What’s This Atheopaganism About, Exactly?

So, we’re doing this Atheopaganism thing.

What’s its purpose? What are its goals?

I think we talk around the edges of this question a lot, with discussions of Sacred values and Principles that clearly point their way to a vision. But it would be better to articulate that vision straight-out, so people are clear about where I come from, and so we can discuss and refine it if it doesn’t work for the Atheopagan community writ large.

My vision for Atheopaganism is a nested set of Russian matryoshkaIt exists on scales from the personal to the societal.

Personally, I pursue my Atheopagan practice as a modality for healing my inner wounds, navigating my life, and cultivating more wisdom and joy and awe and celebration. To be a better person.

Interpersonally, I hope my Atheopagan practice helps me to become more kind, less acerbic, and closer in my relationships, even if they don’t share my cosmology. Success is mixed on that one, but to some degree that’s because I don’t always succeed in bringing my best self forward. Working on it.

In the Atheopagan community—those who read this blog and/or belong to the Atheopagan Facebook groups, mostly—my goal is one of service. I provide resources, ideas, projects, personal reflections and lore meant to help others to develop their own practices, so they can enjoy the personal benefits I have and shape and adapt Atheopaganism to their own needs.

More broadly, in the Pagan and Atheist communities my goal is to hold up a lantern: to offer a pathway to those who may find value in it, and help to ease their entry to what may be unfamiliar and strange. My goal within those communities is not to convert anyone, but rather to ensure that this path is given room to exist, and to support those who are interested in it.

Finally, societally my goal is a better world. Where people are happier, and kinder, and more critically thinking, and more awe-struck, and more fulfilled, and more tolerant; where the human relationship with the Earth is resacralized; where diverse paths of religious expression are welcomed and allowed to flourish.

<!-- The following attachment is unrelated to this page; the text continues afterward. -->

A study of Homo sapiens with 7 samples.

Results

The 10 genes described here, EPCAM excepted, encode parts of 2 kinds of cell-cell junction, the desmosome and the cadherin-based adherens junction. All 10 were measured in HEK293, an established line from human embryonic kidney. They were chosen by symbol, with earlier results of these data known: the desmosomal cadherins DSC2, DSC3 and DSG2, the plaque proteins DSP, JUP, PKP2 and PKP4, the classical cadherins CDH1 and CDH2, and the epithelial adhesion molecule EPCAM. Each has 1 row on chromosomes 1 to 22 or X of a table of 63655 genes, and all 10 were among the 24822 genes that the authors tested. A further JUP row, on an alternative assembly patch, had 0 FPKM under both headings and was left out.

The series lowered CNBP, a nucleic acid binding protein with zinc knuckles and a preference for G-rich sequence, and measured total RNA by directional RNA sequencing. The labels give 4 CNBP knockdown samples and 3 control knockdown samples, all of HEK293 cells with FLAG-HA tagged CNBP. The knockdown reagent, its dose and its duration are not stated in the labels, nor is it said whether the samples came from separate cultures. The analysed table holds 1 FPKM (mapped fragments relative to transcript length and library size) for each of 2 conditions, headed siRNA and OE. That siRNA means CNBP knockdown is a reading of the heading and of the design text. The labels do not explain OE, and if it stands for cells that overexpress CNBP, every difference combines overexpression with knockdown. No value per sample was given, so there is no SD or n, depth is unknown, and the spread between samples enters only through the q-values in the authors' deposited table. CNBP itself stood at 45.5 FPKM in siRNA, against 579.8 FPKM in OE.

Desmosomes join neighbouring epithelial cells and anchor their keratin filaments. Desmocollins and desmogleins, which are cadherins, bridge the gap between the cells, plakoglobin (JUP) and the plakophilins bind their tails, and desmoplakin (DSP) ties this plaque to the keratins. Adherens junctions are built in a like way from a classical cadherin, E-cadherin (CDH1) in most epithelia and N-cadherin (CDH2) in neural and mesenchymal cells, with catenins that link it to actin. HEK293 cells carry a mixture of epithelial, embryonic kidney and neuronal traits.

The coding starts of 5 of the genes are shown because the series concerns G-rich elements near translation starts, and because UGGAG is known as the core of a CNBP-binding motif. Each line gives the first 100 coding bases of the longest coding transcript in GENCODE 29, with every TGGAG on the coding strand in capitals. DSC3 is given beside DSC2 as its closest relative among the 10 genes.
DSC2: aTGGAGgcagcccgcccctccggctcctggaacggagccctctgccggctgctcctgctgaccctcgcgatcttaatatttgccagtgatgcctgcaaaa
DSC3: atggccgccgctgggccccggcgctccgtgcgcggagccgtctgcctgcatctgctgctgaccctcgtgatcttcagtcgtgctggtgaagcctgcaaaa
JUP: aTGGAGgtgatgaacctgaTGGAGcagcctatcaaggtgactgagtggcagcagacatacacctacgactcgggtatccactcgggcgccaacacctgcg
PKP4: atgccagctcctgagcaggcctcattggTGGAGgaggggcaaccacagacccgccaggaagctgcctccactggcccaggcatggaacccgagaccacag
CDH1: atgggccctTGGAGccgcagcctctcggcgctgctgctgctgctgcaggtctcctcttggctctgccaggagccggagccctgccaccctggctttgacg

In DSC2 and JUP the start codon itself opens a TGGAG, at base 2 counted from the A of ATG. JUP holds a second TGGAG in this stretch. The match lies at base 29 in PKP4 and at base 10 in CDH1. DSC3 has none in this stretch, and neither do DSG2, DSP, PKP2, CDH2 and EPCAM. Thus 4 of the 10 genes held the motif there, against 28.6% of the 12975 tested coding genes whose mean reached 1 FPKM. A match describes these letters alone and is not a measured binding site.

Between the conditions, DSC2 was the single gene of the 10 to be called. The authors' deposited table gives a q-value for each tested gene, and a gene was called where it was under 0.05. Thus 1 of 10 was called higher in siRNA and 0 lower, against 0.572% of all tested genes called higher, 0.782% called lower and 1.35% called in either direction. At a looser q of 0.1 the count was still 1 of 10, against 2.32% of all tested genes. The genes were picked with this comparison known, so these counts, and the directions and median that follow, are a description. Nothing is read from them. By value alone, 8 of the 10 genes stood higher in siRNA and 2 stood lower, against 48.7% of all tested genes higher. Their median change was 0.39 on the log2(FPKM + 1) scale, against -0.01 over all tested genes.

So that’s all: my vision is nothing short of total societal transformation. But it starts small, and quietly, in the heart.

For Pantheacon 2018,  I proposed a discussion group on the subject, What is Paganism FOR? Unfortunately, the proposal was declined. I think it could have been a fruitful and illuminating conversation. Because I think that when you strip away a lot of pomp and frippery, these are the goals of many, if not most of the Pagan community.

I have learned, however, that my proposed ritual, “Arming the Earth Warriors: A Ritual for Activists”, was accepted, so for the fourth year in a row, nontheist programming will be available there. I will also convene the annual Nontheist Pagan Mixer, so we can socialize with one another…news on that soon!

I’m really interested in the take of those who follow this blog on the vision articulated here. Please comment below, or on Facebook. Thanks!

5 thoughts on “What’s This Atheopaganism About, Exactly?

  1. I like your vision. I think I’m drawn to a relationship with my natural surroundings in the same way I’m drawn to relationships with humans— not as part of an organized plan or long term goal but more intuitively speaking. I’m not even really sure about the whole concept of long term plans these days… I’m in the mode of hand to mouth, Moon to eye, Wind to hair… we should be glad someone is thinking long term!

    Liked by 1 person

  2. More thoughts… because it’s such an interesting question. For people who think of our connection to nature as a relationship, what happens when I try the analogy “what is this friendship with X person FOR?” Or “what is my relationship with my parents/ children/ partner FOR?” In that context, I see why the question is difficult for me, because I consider the purpose of the relationship (and all the actions sustaining the relationship) as being “for” the relationship. The “thing itself”— a very circular answer.

    A value for me in relationships is to work to avoid ever turning subjects into objects— to go Kant one step further in that I try to avoid “using” persons instrumentally even with their permission.

    So… in regards to nature, a subject-subject relationship is a profound shift of perspective in which there are NO objects to be used instrumentally as mere things. Instead, a natural world to interact with in the way we encounter our beloved friends. I’m sure I don’t attain that ideal with either humans or the rest of nature. Embedded within the concept of relationship is everything we do to deepen the relationship.

    Which means my answer is that for me, paganism is not for anything. It’s an embodiment of relationship.